A Ton of Food is Wasted in Mississauga

Everyone at Insauga loves food. So with that said, we know it's a shame to waste anything. Personally, I always try to take leftovers home. My mentality is there are starving people in developing countries who would give a limb for anything that we in North America throw away or take for granted. So I for one found this latest statistic very shocking.

According to a recent audit, Peel Region residents waste tons of food every day. Not every week, not every month, not on an annual basis, but EVERY DAY. People in the region dispose of tons of edible food from all food groups (meat, vegetables, dairy products, eggs, bread). Not rotten food that went sour, but actual edible items that were just casually disposed of.

The audit conducted by the Region of Peel shows that 40 per cent of food thrown out is avoidable food waste. I cringe when I visualize mountains of wasted food just sitting in a landfill somewhere.

Seriously, Peel? I somewhat understand throwing out leftovers. When leftovers have been lingering in your fridge a few days and no one has really managed to finish them, it's time to let them go. Don't be like Homer Simpson with that ridiculously long sandwich that he tried eating but couldn't finish that eventually made him sick after he kept eating it. As for throwing out untouched food, that has to be the definition of insanity. What kind of rational person does that?

So what is the solution? After looking at the results of the audit, the Region came up with some simple points that people should follow. All organic waste should be placed in the compost or new organic green carts. Other ideas include the notion of doing things smarter. The Region is asking people to Plan Smart (check how many meals you have and how much you need, and do a list), Buy Smart (stick to your shopping list, buy only what's on the list), and Store Smart (eat older items first, freeze what you can't finish or get tired of eating).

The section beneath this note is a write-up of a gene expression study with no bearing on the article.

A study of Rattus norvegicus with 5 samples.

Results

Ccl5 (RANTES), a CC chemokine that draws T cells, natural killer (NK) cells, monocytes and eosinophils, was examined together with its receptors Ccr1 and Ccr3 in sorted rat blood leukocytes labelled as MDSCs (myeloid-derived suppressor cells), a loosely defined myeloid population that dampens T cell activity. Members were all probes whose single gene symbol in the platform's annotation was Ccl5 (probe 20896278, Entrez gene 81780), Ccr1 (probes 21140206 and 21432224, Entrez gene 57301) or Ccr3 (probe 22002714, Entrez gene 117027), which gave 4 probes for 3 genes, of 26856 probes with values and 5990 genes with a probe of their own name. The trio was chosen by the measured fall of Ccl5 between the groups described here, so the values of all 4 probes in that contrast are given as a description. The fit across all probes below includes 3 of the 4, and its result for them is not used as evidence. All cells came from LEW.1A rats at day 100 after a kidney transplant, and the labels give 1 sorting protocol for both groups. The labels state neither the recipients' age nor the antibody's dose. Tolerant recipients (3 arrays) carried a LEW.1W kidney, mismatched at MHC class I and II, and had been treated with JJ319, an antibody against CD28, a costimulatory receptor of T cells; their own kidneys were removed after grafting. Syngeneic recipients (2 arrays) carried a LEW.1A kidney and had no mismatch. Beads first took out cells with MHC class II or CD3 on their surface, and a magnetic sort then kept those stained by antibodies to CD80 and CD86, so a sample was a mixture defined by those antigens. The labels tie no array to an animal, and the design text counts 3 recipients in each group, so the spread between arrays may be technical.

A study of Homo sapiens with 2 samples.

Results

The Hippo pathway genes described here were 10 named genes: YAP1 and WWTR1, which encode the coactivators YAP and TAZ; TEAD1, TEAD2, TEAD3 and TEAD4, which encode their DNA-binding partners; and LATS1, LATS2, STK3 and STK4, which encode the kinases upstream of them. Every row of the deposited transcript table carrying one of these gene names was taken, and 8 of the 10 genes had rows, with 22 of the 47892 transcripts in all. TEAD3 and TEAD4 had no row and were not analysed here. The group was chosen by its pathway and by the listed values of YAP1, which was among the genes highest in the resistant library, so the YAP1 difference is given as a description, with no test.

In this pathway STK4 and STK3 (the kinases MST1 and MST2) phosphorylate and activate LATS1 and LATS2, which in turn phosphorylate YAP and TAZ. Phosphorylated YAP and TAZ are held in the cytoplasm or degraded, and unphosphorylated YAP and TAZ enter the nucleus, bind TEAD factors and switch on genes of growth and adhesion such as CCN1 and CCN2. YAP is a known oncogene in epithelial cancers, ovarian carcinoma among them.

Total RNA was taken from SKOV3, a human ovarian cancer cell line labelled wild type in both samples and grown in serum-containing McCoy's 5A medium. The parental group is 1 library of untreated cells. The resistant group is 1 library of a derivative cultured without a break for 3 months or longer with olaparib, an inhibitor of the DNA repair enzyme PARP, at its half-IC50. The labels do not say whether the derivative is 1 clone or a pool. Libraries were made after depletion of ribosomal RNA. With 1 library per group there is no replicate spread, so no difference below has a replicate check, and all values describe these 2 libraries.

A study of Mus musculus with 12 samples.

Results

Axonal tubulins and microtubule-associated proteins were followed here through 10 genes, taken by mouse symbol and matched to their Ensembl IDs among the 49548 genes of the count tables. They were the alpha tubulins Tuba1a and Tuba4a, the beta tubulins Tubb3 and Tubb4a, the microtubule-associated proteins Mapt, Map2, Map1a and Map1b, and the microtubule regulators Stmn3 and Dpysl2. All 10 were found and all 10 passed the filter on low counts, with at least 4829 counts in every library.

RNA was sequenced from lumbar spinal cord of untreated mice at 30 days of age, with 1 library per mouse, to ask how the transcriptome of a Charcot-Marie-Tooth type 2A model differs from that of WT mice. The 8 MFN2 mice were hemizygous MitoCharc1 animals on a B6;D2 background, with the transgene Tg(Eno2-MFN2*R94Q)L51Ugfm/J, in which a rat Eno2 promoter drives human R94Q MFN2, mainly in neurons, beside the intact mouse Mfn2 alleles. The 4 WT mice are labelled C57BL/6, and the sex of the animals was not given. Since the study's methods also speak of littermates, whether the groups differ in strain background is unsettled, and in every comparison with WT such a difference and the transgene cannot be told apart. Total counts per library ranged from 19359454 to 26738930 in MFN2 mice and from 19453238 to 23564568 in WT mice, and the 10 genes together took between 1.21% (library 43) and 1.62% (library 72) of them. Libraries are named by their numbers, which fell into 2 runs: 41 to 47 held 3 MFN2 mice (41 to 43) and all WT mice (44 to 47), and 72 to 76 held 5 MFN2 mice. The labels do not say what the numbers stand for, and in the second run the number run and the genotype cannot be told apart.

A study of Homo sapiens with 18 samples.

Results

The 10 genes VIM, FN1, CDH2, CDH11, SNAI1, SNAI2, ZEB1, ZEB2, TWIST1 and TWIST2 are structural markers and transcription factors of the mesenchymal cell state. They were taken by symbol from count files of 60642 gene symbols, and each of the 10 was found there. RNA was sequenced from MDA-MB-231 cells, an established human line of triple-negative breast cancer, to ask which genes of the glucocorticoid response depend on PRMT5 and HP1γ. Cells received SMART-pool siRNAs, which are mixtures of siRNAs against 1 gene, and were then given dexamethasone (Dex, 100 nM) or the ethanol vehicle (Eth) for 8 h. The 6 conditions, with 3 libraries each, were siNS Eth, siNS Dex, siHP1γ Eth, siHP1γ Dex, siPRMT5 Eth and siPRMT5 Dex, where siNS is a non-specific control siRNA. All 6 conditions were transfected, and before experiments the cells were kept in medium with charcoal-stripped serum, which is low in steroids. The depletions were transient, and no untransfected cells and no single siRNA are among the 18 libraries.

Regarding those three main points about doing things smarter, they really just sound like common sense things that people should already know. Making a shopping list is something that people already do all the time (whether they still write it down on paper or on their smartphones), buying smart is basically saying to use your money wisely, which literally every person learns from their parents the moment they learn the concept of money. As for storing smart, eating older items first and freezing stuff for later, that's common sense and (speaking from personal experience) freezing food for later is a staple of university life.

And while this sounds like the heavy hand of government imposing its will on people, sometimes there needs to be some guidance for people to have some framework for them to work with. If these statistics are showing that people seem to be wasting enormous amounts of one of the necessities of life, then perhaps some push from a level of authority is required to give incentive to people to do something for the greater good. If people are actually throwing out such a substantial amount of untouched and still edible food in their homes, then maybe people just aren't sensible enough to make this decision themselves.